Can protein powders make you stronger? Busting the myths on exercise and nutrition in Lancashire

Resent research showed almost a third of people in the North West thought taking protein powders alone could build muscles – but they’re wrong.This is paid for content, readers are encouraged to seek NHS advice before taking any supplements.

As we discovered talking to a nutrition and exercise expert for a leading sports supplement brand, there are many misunderstandings around diet and exercise.

As Lancastrians head to the gym, his advice should prove food for thought, as he busts the myths around this topic and explains how protein powder supplements could help you get the body you want.


Survey results

Matt Durkin is an exercise and nutrition expert with SCI-MX, which commissioned a survey across Britain to test their views on weight training, building muscle and protein powders.

Almost half (49%) in the North West thought that bulking up required excessive calorie consumption, not just protein, and more than a third were not sure. 

The survey showed 32% thought consuming protein powder would make them stronger, but 16% thought it would automatically make them bulk up.

The survey also showed one in eight in the region thought protein powder wasn’t safe or suitable for women interested in increasing their strength.

Exercise and nutrition expert

Matt said it was worrying to see so many misconceptions when it came to protein powders and supplements. But he said he understood why it was confusing.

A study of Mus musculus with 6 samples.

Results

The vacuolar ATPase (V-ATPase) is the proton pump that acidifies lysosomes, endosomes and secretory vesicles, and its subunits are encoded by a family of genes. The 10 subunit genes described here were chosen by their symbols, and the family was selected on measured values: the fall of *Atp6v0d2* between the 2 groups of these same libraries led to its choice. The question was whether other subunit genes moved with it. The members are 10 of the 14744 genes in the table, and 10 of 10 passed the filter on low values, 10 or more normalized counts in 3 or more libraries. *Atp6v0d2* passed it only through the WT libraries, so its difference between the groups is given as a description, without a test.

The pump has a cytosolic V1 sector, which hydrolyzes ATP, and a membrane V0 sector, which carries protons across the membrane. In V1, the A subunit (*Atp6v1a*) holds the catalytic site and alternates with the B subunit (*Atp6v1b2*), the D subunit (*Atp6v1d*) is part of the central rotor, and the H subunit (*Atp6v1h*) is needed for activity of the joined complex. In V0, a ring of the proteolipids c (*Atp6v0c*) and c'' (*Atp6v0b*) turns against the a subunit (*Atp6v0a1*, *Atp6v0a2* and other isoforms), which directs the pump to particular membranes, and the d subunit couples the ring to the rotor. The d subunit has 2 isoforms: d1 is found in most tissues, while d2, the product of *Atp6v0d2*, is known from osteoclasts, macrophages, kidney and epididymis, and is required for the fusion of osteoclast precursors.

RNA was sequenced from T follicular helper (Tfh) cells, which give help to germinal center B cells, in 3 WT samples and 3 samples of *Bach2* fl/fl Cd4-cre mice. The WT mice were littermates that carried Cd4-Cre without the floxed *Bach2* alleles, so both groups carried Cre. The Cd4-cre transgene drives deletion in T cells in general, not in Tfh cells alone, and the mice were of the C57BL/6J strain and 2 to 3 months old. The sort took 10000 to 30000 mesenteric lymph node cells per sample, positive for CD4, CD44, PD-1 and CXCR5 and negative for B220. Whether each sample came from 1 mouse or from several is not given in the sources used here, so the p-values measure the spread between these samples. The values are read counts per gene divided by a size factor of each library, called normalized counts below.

“It can be very confusing to understand how protein supplements work and what’s best for your own goals, so doing your research is really important. For anyone that is hoping to build muscle and strength, it’s crucial to have a high-protein diet. However, unless you pair it with exercise, you’re unlikely to build muscle.”

Matt Durkin

Matt went on to say: “There are many myths around protein powders automatically making people bulk up, and this is inaccurate. Bulking may mean different things to different people, but it is the muscle-gaining phase. Eating more calories than your normal diet with an increase in protein does play a key part in bulking; however, eating excessive calories daily can lead to unhealthy weight gain; there is a balance.”

“The goal is to use the additional calories to build muscle, whilst performing regular strength training to stimulate muscle growth.”


Find out more

Whether you’re just starting out on your fitness journey, or you’re looking for ways to enhance your workout, visit the SCI-MX website for advice and guidance on how incorporating protein into your diet can help increase strength.